The Foundation has been working in the Benishangul Gumuz region of Ethiopia to create access to much needed intensive care services. The region with a population of more than 1 million lacks sufficient healthcare services.
For a full list of our projects see here.
Intensive Care Unit (ICU) Construction Project in Assosa General Hospital, Ethiopia
The Foundation completed the construction of an ICU unit in Assosa General Hospital in October 2019. The project came to life after the hospital’s 2017 analysis of the hospital death records, which revealed that 57 of the 127 registered deaths, some of which were maternal, could have been avoided if the hospital had an ICU. A further maternal death audit performed in 2016/17 also revealed that a well-established ICU unit could have prevented 85% of maternal deaths, highlighting the need to build an ICU.
This project’s aim is to reduce in-hospital deaths by 44% through access to intensive care services for patients while the overall objective is to increase access to intensive care services for the population who rely on the regional hospital. The Foundation is working on the ground with Regional Heath Office, Federal Health Ministry and other stakeholders to ensure the unit is properly equipped and staffed and will offer and maintain a high level of medical care.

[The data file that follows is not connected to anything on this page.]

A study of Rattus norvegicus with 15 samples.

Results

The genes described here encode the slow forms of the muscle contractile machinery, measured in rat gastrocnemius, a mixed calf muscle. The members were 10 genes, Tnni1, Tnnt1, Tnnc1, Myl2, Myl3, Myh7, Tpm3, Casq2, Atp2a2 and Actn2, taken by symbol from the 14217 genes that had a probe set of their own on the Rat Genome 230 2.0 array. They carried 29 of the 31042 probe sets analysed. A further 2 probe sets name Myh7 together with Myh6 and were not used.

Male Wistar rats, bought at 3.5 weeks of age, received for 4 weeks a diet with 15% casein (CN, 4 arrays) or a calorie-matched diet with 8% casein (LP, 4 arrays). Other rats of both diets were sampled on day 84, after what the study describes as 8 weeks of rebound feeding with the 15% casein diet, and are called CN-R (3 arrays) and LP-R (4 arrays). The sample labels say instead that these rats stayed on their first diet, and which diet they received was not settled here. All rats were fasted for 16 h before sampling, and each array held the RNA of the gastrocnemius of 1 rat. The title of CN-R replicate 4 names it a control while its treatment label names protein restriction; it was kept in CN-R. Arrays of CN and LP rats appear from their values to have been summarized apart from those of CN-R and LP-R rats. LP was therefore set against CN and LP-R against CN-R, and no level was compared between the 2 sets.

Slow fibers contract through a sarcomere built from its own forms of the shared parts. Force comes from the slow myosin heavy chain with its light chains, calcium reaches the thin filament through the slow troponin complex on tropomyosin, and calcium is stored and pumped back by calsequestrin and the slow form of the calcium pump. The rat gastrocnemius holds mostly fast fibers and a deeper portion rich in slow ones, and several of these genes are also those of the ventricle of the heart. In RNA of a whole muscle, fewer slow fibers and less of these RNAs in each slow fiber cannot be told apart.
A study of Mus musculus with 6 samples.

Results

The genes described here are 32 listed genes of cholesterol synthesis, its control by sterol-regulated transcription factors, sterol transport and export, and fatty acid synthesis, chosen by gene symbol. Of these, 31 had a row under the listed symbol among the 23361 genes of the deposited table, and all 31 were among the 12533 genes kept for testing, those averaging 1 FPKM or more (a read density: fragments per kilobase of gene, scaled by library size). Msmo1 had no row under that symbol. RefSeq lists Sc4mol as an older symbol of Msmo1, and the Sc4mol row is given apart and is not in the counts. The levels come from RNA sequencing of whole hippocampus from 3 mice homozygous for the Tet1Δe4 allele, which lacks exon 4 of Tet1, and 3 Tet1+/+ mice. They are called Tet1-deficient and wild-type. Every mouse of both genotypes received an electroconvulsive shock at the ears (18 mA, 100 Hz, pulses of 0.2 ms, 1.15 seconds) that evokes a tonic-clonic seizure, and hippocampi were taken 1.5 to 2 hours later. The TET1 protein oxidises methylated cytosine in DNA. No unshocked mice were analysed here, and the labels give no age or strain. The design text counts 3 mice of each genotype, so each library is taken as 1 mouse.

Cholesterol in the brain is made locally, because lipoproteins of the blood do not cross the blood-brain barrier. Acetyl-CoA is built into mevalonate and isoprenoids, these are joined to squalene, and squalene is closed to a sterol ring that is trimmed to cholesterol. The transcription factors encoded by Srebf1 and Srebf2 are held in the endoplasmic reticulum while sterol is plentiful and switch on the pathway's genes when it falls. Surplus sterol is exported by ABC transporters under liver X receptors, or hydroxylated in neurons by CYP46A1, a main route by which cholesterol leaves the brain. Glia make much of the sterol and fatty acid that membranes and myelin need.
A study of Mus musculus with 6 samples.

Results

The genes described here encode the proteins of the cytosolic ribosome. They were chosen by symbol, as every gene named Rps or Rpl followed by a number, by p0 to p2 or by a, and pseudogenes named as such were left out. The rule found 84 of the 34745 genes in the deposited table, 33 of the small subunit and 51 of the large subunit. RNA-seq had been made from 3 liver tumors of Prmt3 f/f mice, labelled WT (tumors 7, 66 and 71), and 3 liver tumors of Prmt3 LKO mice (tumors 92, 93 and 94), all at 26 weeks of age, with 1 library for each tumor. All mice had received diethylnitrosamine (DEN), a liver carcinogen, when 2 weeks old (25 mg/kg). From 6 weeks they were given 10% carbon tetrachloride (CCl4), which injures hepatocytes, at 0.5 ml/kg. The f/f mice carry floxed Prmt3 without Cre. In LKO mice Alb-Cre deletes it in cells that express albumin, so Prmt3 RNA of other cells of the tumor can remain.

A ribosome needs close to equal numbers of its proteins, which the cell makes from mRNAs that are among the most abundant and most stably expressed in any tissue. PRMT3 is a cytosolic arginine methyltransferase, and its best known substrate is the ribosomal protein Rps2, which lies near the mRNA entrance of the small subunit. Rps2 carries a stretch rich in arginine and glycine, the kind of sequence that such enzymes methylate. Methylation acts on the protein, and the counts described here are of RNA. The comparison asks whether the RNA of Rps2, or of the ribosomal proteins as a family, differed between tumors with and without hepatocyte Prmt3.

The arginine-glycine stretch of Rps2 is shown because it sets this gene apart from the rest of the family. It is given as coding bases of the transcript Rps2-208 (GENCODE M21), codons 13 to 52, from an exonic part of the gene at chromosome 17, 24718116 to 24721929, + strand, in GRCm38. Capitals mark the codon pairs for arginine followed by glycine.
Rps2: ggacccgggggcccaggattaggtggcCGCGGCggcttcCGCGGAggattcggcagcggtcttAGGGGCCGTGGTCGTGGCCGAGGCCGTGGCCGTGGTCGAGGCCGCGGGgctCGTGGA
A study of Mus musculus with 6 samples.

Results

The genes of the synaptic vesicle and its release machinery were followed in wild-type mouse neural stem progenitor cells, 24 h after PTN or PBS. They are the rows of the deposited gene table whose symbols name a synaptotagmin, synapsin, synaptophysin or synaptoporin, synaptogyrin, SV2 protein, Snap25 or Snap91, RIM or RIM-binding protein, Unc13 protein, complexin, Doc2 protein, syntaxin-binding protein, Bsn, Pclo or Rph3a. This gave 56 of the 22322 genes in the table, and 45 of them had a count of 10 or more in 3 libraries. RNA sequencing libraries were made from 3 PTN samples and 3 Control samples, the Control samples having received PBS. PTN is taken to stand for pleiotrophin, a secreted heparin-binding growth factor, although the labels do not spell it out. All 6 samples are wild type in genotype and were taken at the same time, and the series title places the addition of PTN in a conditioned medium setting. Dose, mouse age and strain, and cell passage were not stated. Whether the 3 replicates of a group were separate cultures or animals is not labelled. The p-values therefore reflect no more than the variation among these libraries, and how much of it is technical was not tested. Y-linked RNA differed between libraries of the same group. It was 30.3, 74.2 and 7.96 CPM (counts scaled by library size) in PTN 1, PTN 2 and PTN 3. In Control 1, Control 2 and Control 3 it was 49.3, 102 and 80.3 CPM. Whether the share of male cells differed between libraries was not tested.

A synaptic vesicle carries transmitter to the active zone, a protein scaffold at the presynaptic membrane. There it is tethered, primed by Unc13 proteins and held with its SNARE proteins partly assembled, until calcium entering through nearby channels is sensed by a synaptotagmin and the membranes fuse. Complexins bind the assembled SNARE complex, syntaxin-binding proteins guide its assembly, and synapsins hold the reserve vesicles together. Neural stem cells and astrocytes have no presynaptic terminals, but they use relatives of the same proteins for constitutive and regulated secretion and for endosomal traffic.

Neonatal Intensive Care Unit (NICU) project, Benishangul-Gumuz
The Foundation in partnership with another NGO established the Neonatal Intensive Care Unit (NICU) in three out of six hospitals in the Benishangul Gumuz region: Assosa, Pawe and Bulen. The main objective of the project is to improve access to quality Maternal New-born and Child Health (MNCH) services for mothers, new-borns and children under 17. This objective is guided by a recent health survey in which Benishangul Gumuz region registered one of the highest under-five mortality rates in the country, standing at 169 per 1000 live births while the national average is 88 per 1000. The in-hospital neonatal mortality rate has sinced reduced by 50% through improved care for at-risk new-born children.
The project has also seen the establishment of Paediatric High Dependency Units (PHDU) established in Pawe and Assosa hospitals; two Maternal Waiting Houses (MWH) refurbished in Bulen Health Centre; one New-born Corner established in Dibate Health Centre; and 496 health professionals and community health workers trained on essentials of new-born care and other tailor-made trainings.
Based on the experience gained from this partner project, the Foundation is now running an independent Heath programme in Assosa Hospital as part of the Integrated Livelihood Development Programme.